TRR photo by Tony Bonavist

The Peekamoose Blue Hole

The 'Blue Hole' under siege

There is a magical place, high in the eastern Catskills, where crystalline waters flow to form the “Blue Hole.” It is part of the upper Rondout watershed in the Town of Denning and is fed by Rondout Creek, which flows along Peekamoose Road.

This reach of the upper Rondout is part of the New York State Forest Preserve, which is administered and managed by the New York State Department of Environmental Conservation (DEC). For years the Blue Hole was a favorite destination for locals, who sought its cool waters to escape the doldrums of summer. Then the national media somehow found this beautiful place, and use increased dramatically.

In 2014, Travel and Leisure Magazine listed the “Blue Hole” on its list of America’s Best Swimming Holes, and it also appeared on several other websites. As a result, the Blue Hole was inundated by folks seeking refuge of the mountains with a place to swim.

Peekamoose Road is a rural two-lane, with very little parking. Soon the influx of cars blocked the road, causing traffic jams; refuse and litter became a problem. The locals were not happy, and complaints caused the authorities, including the DEC, New York City Department of Environmental Protection (DEP) and the town of Denning to become involved. The DEC advised on its website that in 2015, day use increased exponentially. Overuse became so bad that in June 2017 the state implemented emergency regulations restricting use of the area. Parking was limited with violators finding their cars towed.

To mitigate the problems associated with overuse of the Blue Hole, the DEC is proposing a free day-use permit system that would be in effect on weekends and holidays from May 15 to October 15. Up to 40 permits would be issued per day and allow six persons per vehicle, or a total of 240 per day. The state is accepting comments on its proposal until May 28 at its 21 South Putt Corners Road office, New Paltz, NY 12561.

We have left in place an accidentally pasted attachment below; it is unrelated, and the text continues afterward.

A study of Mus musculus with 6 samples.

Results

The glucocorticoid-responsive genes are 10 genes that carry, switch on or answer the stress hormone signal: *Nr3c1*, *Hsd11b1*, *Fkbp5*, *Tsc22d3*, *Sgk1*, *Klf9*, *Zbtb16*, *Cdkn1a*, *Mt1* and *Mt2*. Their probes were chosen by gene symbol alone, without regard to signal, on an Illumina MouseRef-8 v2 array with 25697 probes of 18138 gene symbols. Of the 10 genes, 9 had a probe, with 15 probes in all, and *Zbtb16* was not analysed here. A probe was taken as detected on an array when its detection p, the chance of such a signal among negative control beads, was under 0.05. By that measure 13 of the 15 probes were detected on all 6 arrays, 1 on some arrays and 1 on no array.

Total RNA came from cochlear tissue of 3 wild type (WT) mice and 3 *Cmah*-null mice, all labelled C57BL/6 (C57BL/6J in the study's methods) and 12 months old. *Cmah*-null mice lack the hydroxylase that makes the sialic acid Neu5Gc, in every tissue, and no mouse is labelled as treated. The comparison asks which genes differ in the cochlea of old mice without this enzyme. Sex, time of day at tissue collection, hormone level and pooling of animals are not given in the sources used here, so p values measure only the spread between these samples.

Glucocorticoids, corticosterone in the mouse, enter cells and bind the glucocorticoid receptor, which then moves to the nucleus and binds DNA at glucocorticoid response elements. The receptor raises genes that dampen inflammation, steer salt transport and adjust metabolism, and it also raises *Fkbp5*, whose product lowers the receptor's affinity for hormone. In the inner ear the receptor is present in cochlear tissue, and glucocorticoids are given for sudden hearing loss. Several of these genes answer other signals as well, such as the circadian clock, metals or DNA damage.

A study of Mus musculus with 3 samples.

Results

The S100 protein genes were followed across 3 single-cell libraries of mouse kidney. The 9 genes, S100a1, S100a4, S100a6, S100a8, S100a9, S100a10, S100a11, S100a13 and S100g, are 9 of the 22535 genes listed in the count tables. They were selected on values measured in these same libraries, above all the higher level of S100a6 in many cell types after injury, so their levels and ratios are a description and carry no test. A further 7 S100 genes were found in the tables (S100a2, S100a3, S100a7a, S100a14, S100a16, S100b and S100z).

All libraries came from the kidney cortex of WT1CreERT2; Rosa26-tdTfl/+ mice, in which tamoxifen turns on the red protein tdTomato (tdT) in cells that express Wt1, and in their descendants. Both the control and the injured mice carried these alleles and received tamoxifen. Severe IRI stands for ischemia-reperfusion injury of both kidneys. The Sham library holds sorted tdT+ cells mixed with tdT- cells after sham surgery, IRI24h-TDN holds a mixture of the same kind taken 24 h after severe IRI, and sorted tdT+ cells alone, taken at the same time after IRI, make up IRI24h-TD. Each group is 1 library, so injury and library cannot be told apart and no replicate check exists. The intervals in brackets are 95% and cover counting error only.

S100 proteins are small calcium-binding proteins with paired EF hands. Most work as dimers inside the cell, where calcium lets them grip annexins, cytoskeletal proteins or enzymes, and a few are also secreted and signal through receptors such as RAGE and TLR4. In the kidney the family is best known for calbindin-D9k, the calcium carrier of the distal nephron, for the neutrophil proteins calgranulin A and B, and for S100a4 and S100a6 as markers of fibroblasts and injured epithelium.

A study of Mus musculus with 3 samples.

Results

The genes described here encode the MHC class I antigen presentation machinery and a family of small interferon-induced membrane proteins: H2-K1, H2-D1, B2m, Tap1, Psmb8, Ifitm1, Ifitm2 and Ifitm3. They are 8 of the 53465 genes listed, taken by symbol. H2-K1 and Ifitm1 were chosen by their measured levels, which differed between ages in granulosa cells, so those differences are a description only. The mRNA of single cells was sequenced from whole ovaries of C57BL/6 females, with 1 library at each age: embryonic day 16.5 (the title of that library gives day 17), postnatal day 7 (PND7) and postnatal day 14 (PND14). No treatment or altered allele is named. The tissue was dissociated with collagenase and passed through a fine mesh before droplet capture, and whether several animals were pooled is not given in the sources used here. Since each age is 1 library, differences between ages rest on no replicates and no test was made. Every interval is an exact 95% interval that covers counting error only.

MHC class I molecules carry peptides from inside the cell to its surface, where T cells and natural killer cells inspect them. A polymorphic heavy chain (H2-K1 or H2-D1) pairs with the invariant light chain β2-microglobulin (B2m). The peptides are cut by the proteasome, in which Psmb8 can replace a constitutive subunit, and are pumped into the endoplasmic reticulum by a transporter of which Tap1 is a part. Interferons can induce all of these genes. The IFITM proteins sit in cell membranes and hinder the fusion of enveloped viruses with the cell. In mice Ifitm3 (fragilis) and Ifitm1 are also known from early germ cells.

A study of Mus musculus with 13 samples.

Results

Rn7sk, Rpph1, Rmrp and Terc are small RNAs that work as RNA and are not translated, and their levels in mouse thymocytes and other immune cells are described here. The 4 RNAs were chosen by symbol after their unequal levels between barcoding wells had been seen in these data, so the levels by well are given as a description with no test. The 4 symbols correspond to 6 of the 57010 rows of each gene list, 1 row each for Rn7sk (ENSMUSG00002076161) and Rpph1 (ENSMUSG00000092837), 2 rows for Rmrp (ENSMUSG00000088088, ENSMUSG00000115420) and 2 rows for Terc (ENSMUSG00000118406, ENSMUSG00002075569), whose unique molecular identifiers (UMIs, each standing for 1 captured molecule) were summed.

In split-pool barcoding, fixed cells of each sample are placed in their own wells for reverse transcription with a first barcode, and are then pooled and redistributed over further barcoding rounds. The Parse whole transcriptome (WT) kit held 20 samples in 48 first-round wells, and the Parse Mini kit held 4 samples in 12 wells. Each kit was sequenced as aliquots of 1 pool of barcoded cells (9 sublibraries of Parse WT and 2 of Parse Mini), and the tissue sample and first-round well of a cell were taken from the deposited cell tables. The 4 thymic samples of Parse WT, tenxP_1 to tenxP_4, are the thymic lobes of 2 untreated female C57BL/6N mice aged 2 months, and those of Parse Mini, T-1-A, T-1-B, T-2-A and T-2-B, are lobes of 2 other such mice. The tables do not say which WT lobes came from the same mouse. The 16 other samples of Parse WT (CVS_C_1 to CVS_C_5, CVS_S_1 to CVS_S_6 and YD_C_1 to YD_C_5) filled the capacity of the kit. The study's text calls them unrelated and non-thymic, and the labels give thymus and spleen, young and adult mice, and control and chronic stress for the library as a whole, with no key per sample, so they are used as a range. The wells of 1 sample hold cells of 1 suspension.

While a permit system seems like a reasonable way for the state to deal with the Blue Hole’s popularity and overuse, there is a story here that has not been told, despite all the coverage. The upper Rondout Creek, including the Blue Hole, is one of the few remaining wild brook trout streams in the eastern Catskills. Brook trout are our native trout, and they have been extirpated from much of their former range by logging and over-harvest during the 1800s and 1900s. When compared to other swimming “holes,” the Blue Hole is very small. Brook trout live in the Blue Hole, or at least they used to. So is it a good idea to allow even 240 people a day into this area to frolic and swim, in one of the remaining wild brook trout habitats in the area?

If you are an administrator of public lands trying to manage the resource for a variety of use, perhaps so. If you are a biologist or fisherman concerned with the wellbeing of a threatened species, not a good idea at all. I have reason to believe that because the Rondout Creek/Blue Hole are part of the Sundown State Forest, that the DEC, through the Division of Lands and Forests, has complete control over management of the area. As a result, and because of the wild brook trout, it has the authority to close the area to swimming. Most of us that know the area and the status of the fishery wish it would do so. There are a lot of places to go swimming and observe nature; the Blue Hole need not be one of them.